Nova Scotia, Canada home prices to see ‘healthy’ rise
Expert: Shipbuilding deal will heat up Halifax market in about 18 months
The Halifax area is on the cusp of a real estate renaissance that will see average rents and home prices begin a slow and long-lasting rise, real estate guru Don R. Campbell said Monday.
“It’s going to be a slow and healthy sort of increase in real estate values, and not the boom-and-bust sort of cycle that we’ve seen in some western communities in the past,” said Campbell, president of the Real Estate Investment Network of Vancouver.
A heated Halifax real estate market will be one of the first notable spinoffs of the $25-billion deal that Irving Shipbuilding Inc. has secured with the federal government.
“If people are interested in getting into the market, they probably have about an 18-month window before the impact of the job and population growth first begins to be felt,” Campbell said.
“Other centres like Sydney and Moncton will also experience increased demand as they benefit from secondary manufacturing further down the road, and it will also be interesting to see how quickly prices begin to rise in communities surrounding Halifax.
“A lot of people will want to take advantage of increased values in the city and opt for a smaller mortgage or will want to live mortgage-free in the outlying areas.”
GPD growth is at the heart of the vibrant real estate market, Campbell said, and there is every reason to believe the Halifax market will soon have more people hunting for rental accommodation and housing, meaning increased prices.
“The good thing for Halifax is these shipbuilding jobs are of a long-term nature,” he said. “It’s not like a major oil project that attracts thousands of workers and suddenly lets them all go.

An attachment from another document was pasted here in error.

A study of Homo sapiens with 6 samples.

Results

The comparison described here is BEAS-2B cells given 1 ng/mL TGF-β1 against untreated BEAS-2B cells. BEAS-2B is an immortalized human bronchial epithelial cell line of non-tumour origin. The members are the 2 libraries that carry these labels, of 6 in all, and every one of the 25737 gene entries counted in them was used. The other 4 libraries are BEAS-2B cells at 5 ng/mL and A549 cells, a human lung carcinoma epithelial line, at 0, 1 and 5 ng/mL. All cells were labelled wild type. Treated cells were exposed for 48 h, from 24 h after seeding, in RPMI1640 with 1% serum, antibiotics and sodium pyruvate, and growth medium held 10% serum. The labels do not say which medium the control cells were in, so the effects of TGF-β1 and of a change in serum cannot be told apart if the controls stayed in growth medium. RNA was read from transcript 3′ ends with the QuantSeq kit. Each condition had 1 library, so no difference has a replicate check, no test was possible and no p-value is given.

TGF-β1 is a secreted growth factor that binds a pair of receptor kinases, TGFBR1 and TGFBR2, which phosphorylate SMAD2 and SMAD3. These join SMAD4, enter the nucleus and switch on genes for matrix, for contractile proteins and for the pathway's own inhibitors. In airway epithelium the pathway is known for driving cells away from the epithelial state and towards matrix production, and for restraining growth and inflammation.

“It’s a major project that is going to revitalize a large part of the economy of the Maritimes.”
First there will be a shortage of rental accommodation in Halifax, followed by rent increases, and then a similar pattern with housing costs, Campbell predicts.
It’s likely some speculators are already active in the relatively small Halifax market, and these buyers will likely profit from their investments.
“You’ll see rents go up before the end of the year, and then 18 months from now you’re going to see the upward pressure on real estate values,” he said.
Campbell said the shipbuilding contract will be great for the city, but traffic will get worse and many employers will have to pay workers more as unemployment numbers decline.
“With the renaissance will come increased demand for apartments and housing,” he said. “There will also be increased pressure on infrastructure and community services.”